Monday, April 20, 2015


I have a hard time letting go of things. Whether they be clothes, art work, books, shoes, or just coffee cups, I somehow become attached emotionally.  It takes a lot of effort combined with a lack of storage space to make me part with my belongings.

It’s not that I don’t want to donate and let others enjoy nice things, it’s that there is such sentiment behind them that I feel sad letting them go. Not everything, naturally.  But I was going through my closet to purge it of winter clothes and  discovered several dress jackets and blouses that I haven’t worn in years.  Why did I keep them when I passed them right by each time I was looking for a dressy outfit? Because they weren’t in style. But my husband had chosen many of them with or for me and that was a huge reason why I couldn’t release them.

I did, however, suck it up and finally made a significant pile of many of those precious articles of clothing to go to my church’s resale shop. And now there’s room in my closet for new things! It’s a win/win situation. 

When I downsized, I had to get rid of a cabinet full of mismatched coffee mugs collected over the years. Each one had meaning but I simply didn’t need them all or want to store them. So out most of them went.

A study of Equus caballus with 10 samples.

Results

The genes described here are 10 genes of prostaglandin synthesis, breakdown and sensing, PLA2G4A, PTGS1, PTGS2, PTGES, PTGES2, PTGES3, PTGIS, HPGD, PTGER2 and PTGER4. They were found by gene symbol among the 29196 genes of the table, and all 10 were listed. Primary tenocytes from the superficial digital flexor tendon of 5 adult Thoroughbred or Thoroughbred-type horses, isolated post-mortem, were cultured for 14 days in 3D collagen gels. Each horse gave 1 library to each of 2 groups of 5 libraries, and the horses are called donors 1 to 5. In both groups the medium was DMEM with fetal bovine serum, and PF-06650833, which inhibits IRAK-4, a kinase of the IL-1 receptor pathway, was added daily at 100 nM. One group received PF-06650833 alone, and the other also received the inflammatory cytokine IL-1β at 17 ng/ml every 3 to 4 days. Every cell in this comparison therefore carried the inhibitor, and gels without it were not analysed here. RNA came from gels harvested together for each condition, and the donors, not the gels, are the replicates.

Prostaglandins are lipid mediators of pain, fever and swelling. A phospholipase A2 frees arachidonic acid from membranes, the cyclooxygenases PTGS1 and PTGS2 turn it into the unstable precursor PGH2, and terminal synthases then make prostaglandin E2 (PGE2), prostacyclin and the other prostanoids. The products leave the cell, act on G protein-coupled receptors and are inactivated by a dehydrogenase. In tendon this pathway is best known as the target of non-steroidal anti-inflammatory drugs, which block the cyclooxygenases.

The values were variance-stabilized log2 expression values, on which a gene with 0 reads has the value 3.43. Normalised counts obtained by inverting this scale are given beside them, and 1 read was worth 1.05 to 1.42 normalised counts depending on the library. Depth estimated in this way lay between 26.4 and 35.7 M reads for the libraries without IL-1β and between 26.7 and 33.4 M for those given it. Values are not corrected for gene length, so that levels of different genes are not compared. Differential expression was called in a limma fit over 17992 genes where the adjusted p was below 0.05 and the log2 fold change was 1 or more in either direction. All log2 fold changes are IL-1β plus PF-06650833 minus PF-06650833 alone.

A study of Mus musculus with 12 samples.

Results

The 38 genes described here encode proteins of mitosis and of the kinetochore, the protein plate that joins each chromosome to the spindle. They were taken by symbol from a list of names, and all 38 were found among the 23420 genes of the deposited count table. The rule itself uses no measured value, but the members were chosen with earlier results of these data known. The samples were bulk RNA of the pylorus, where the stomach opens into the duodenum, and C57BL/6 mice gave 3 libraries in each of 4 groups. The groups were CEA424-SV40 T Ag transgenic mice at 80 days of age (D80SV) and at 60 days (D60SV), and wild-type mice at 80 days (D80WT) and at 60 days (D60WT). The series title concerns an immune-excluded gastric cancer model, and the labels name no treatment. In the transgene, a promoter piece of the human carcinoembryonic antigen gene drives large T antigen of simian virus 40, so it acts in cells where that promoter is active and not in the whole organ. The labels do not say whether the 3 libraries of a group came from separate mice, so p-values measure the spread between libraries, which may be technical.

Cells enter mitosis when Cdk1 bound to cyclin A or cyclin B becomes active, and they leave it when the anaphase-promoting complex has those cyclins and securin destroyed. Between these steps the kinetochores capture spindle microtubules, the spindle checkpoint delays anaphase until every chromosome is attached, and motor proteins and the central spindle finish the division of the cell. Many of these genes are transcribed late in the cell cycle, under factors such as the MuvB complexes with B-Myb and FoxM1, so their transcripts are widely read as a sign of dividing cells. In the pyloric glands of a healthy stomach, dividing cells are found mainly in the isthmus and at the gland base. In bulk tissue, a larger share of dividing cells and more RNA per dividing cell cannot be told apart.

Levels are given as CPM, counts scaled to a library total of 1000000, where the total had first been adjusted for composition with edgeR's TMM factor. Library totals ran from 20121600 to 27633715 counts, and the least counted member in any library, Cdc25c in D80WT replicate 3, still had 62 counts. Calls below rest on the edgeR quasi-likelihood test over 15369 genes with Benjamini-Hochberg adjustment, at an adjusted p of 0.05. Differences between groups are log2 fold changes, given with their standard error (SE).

Same with bookshelves full of hardback books that my husband and I had collected. Many weren’t my tastes but they were beautiful volumes that he and I loved. I ended up donating them to the local library for their book sale, keeping just a handful of classics that I couldn’t bear to part with.

I am by no means a pack rat. In fact, I’m the opposite of that. I have only a few well chosen–but sentimental items on display in my house and my cabinets and closets are models of organization. So I don’t understand why I make such sentimental attachment to belongings. In my rational mind, I know they are just “things” and don’t really matter. And yet some things” do matter, says my emotional mind.

I should ask my Cozy Chick buddy Mary Kennedy to explain. Mary is a forensic psychologist and usually has wisdom to share.

Are you that way about your belongings? Do you hold onto your things or are you a “one year and done” buyer?